The 1995 sequel to "Free Willy" is more of the same, with Jesse (Jason James Richter) now getting along with his parents, Glen and Annie Greenwood (Michael Madsen and Jayne Atkinson). In the beginning, he finds out that the mother who abandoned him when he was younger has now passed, leaving behind a younger brother named Elvis (Francis Capra) that Jesse never knew he had.
The film remains similar to the original in the way that Elvis is similarly troubled in the way that Jesse was in the original film, before the majesty of nature (more specifically, his friendship with the whale of the title) taught him to grow up. This time around, Jesse falls for Nadine (Mary Kate Schellhart), who is the goddaughter or Randolph (August Schellenberg, who was also in the first movie).
It's not too long before Jesse meets up with Willy once again, who has now joined his family in the open waters. Once again, Willy gets in trouble when some villians cause an oil spill, with the two teens rushing in to do whatever they can to save Willy and his family.
Obviously, the film is an attempt to capitalize on the success of the original, but there's really nothing new that this film has to say that wasn't already said in the first film. The addition of the little brother is as also as annoying to the audience as it is to the Jesse character. There are still positives here, though: the performances are very enjoyable, while the widescreen photography of the sequel (the film's cinematography is by ace cinematographer László Kovács) is as enjoyable as the photography of the original. The animatronic whales are also, once again, pretty remarkable. The way that the effects of the spilled oil harms the whales is terribly saddening and presented in an all-too-real way.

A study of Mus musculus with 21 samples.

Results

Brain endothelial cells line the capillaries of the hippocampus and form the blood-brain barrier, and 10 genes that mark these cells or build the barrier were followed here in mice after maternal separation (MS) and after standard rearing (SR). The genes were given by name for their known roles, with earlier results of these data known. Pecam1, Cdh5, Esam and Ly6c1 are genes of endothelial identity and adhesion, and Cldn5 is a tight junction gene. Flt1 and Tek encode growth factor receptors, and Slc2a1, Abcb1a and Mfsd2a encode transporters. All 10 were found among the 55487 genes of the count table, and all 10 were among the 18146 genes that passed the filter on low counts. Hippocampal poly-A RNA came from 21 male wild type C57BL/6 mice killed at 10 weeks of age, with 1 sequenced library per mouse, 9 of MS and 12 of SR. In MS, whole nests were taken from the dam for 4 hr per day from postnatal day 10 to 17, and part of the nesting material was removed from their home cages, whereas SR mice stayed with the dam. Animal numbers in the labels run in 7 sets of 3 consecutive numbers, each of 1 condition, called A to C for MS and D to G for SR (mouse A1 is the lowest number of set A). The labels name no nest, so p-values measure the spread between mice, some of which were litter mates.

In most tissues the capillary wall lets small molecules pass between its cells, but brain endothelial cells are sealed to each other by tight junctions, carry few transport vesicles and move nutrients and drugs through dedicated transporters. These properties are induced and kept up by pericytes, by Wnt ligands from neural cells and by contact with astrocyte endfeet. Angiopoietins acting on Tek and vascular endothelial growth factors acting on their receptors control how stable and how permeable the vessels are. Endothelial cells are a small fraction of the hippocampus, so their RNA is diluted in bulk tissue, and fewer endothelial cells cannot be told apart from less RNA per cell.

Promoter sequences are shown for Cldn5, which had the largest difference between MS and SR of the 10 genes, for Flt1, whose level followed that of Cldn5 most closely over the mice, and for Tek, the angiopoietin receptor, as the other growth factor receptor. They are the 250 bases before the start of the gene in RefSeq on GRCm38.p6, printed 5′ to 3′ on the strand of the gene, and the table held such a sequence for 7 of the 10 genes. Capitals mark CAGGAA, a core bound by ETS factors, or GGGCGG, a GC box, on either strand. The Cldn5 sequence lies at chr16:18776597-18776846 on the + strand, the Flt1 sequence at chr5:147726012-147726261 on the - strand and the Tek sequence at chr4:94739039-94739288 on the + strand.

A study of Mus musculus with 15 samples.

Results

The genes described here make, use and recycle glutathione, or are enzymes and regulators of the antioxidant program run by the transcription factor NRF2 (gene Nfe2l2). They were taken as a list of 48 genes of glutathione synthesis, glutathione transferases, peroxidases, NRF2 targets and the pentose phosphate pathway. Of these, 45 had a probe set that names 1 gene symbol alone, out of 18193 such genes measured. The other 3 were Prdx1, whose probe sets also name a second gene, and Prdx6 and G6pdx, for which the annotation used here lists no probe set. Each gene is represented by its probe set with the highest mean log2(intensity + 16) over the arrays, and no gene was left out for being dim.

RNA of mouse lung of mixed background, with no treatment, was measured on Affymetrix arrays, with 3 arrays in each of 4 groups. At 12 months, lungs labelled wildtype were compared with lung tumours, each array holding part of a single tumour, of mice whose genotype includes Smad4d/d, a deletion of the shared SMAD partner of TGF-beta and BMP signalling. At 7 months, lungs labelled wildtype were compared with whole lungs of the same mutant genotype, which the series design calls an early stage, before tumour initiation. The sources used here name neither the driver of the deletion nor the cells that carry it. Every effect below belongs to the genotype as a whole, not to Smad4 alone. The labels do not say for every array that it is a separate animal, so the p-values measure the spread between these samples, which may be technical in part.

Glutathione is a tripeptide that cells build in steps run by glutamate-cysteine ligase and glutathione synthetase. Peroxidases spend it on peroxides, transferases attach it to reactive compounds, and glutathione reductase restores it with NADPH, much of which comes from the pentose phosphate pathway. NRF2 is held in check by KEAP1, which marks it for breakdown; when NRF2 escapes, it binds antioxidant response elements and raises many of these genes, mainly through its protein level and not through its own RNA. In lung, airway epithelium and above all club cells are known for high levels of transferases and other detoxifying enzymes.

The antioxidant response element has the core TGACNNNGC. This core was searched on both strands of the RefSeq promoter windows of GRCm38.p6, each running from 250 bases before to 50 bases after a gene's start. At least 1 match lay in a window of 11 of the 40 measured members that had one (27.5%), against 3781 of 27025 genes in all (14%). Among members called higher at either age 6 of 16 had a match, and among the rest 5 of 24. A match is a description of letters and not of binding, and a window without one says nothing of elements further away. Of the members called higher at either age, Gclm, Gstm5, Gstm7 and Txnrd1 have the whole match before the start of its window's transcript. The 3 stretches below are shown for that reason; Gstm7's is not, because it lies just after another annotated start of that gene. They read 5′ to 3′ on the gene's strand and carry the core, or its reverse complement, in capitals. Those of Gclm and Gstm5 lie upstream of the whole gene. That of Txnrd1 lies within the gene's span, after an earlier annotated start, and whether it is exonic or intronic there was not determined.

The sequel isn't as good as the original, but it's harmless fare that kids should enjoy (although parents may be bored by the constant predictability). Thankfully, the sequel's cut down from the length of the original and only clocks in at about 95 minutes. Decent children's fare.
VIDEO: Like the first film, "Free Willy 2" is presented in 2.35:1 anamorphic widescreen and, like the first picture, this is an awfully nice transfer that ony suffers from a few minor faults here and there. Sharpness and detail are excellent, as the picture offers a rich, film-like appearance, often showing fine detail.
Still, as I noted, flaws in the presentation do exist. Some minor edge enhancement does appear at times, but it's only visible briefly and will likely not cause a great deal of concern to most viewers. The print used is excellent, as only a few slight instances of specks and marks were noticed. No pixelation or any other faults were seen.
Colors are, like the first picture, very well-rendered, appearing well-saturated and never smeared. Black level remains very solid throughout the film, while flesh tones remained accurate. Not flawless, but like the first picture's transfer, this is very nice work, nonetheless.
SOUND: "Free Willy 2" is presented by Warner Brothers in Dolby Digital 5.1. The soundtrack of the second film almost seemed more subdued than that of the first, with a bit less in the way of noticable surround use. This time around, the rear speakers are only used for slight reinforcement of the music and some very minor ambience. Audio quality is still fine, as the music sounded crisp and clear, as did dialogue.
EXTRAS: Short featurette, trailers for all three "Free Willy" movies, interactive whale guide, Michael Jackson music video and trailers for "Wizard of Oz" and "Willy Wonka".
Final Thoughts: "Free Willy 2" doesn't really improve any on the first film or offer anything particularly new, but there are some strong moments and the film is paced a bit better than the first. The DVD doesn't offer much in the way of supplements, but does boast fine audio/video quality. A rental recommendation, or maybe a purchase for fans.